Atrocity Exhibition as Primetime Drama: Actual Real Surgery on TV pt whatever [warning: long post]

The J. G. Ballard interview that I quote a bit of below took place in 1982, and a lot of the rest of it (unquoted) feels a bit dated now, even naive – though actually given that Casualty (which of course pioneered on-screen surgical recreation as part of its general will-to-realism) started broadcasting in 1986 i suspect that Juggy’s breezy analysis was already crumpling slightly, and his adoring US-based interviewers (the RE/Search crew) just didn’t know better – US TV being relatively way more squeamish in the Scalpels and Sliced (Discoloured) Latex Skin dept than UK TV. Anyway, the first ep (on UK terrestrial this last Tue) of Nip/Tuck seemed to me to switch back against this distinction: the black comedy serial abt the ethics of the cosmetic surgery trade in florida featured a bravura stop-motion sequence of a human faced being operated on, complete with all kinds of cuts, peeling back, intrusion of sharp instruments, oozing blood etc etc (I’m not sure if it wz real footage or SFX-recreated; I’m not sure how much the distinction signifies).

Ballard: “The fact is that the medical textbook Crash Injuries does tell the truth, because it’s not primarily interested in the truth, in a sense. The man trying to analyse the difference in facial injuries caused by ’55 Pontiacs as opposed to ’58 Pontiacs in rollover is not primarily interested in anything but what he’s pursuing. He’s not interested in the effects: the damage to the human face or scalp or whatever is incidental, it’s the data he’s after. The point from which he starts, all those figures and comparisons he makes, are going to be on the basis of people who are already damaged in car crashes – they’re taken for granted. So he can leave that; his emotions aren’t aroused by the appalling injuries these people have suffered. He is simply analysing, in a scientific way like a man in a lab, the comparisons between different vehicles, different accident modes or what have you. I think one’s got to approach it in the same sort of spirit – trying, which is often presented quite incidentally.
R/S: We’re trying to rid ourselves of cliche reactions to “atrocities” as part of the overall aim of deciphering the censorship/control process that restricts the imagination and therefore life…
[extract from RE/Search No.8/9, p.20, published 1984]

Of course the risk, in the R/S mode of enquiry, is that – far from exposing and undermining processes of censorship and control – the enquirer is ENABLING them: when a surgeon looks at a traumatised body (before or after his/her own contribution) without “emotional” response, it’s (on the whole) bcz this response has been suppressed or even cauterised. Ditto when we calmly today watch same on entertaining and fitfully insightful cult TV fiction: the somatic effect derives from our own mode of coping with potentially difficult information. Bcz it’s possible to channel-flick from Songs of Praise to Dumb and Dumber, viewers evolve a practical competence in correctly reading and adopting the various modes of address expected of differing modes of TV: like surgeon’s or undertaker’s humour, this too is an internal censorship, a coping suppression, and can be reversed. Simply by being shelved in the SF section surrounded by rockets and aliens, Ballard’s own most extreme books emerged somewhat quarantined – it’s true that the etiquette in certain zones allows such information-segregation to be sidestepped, but the fact that we have to be in these zones to dfo so reinforces the segregation as much as it highlights it. We all start out by organising material we plan to absorb according to received categories, and this is probably where we’re most susceptible to “systems of control” (unless it’s when we’re trying explain our point to non-zone newcomers). (“Systems of control” in scare quotes cz unchallenged paranoia always delivers reactionary politix foax!!)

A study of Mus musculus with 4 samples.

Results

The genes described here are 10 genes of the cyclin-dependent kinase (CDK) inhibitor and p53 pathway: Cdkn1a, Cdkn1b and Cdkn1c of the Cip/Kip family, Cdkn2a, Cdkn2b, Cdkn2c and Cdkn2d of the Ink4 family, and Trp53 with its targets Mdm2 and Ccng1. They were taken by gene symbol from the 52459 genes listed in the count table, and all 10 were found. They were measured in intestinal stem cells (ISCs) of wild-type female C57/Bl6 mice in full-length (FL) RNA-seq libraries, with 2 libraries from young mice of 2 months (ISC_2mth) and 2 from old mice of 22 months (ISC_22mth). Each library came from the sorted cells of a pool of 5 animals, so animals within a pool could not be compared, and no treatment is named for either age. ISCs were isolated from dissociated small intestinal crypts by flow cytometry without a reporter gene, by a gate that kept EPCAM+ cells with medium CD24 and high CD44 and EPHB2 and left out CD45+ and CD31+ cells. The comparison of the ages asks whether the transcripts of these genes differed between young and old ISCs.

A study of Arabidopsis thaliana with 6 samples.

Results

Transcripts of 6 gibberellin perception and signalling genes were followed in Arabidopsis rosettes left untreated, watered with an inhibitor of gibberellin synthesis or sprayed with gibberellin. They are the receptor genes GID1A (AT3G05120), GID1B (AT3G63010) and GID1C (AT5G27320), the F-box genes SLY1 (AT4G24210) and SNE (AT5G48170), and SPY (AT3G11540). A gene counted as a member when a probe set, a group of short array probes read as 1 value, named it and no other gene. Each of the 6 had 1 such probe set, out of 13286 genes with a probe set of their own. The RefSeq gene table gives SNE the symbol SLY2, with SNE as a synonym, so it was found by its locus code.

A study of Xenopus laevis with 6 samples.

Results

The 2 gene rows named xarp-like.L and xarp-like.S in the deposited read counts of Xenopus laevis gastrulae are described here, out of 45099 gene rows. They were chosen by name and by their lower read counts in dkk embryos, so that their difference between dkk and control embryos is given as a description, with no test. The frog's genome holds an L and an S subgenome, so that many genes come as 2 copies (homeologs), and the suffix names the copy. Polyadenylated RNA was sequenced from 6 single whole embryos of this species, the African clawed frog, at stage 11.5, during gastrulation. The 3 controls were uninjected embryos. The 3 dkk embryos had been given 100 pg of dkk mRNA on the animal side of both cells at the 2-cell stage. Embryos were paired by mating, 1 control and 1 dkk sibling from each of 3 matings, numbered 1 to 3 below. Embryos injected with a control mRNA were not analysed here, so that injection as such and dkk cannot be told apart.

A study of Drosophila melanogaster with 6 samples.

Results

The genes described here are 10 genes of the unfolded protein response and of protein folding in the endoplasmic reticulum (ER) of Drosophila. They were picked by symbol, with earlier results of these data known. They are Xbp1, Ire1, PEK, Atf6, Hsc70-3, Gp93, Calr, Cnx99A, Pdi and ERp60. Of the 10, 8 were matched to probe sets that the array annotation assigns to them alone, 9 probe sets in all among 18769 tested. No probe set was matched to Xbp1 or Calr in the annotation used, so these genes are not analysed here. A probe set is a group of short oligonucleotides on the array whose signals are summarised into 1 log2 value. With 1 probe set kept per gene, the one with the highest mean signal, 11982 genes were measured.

Meanwhile, in the last five years, to compete with or absorb the lessons and possibilities of the interweb (good and bad), TV has begun routinely to offer something very close to the grisly cut-ups of glamour fused with trauma that the Industrial Culture Mail-Art Dweebs of two decades heretofore believed wd release us all from our lame inhibitions. Co-optation is not defeat: at most it’s deferral. Like most TV shows, as a cut-up Nip/Tuck is a fairly tamely directed collage, funny and naughty and diverting, its underlying moralism fairly mainstream. All you need to contest this is a remote and yr wits abt you: isn’t this what Ballard wz getting at when he rejects the pursuit of a General Socialised Truth for the pursuit of micro-informational projects of one’s own? “The channelisation of desire doesn’t neutralise or negate desire, any more than the channelisation of electricity neutralises or negates electricity. As libraries with books and records, batteries store power. Repetition is what delivers this kind of battery of its powers, like a genie rubbing a lamp.”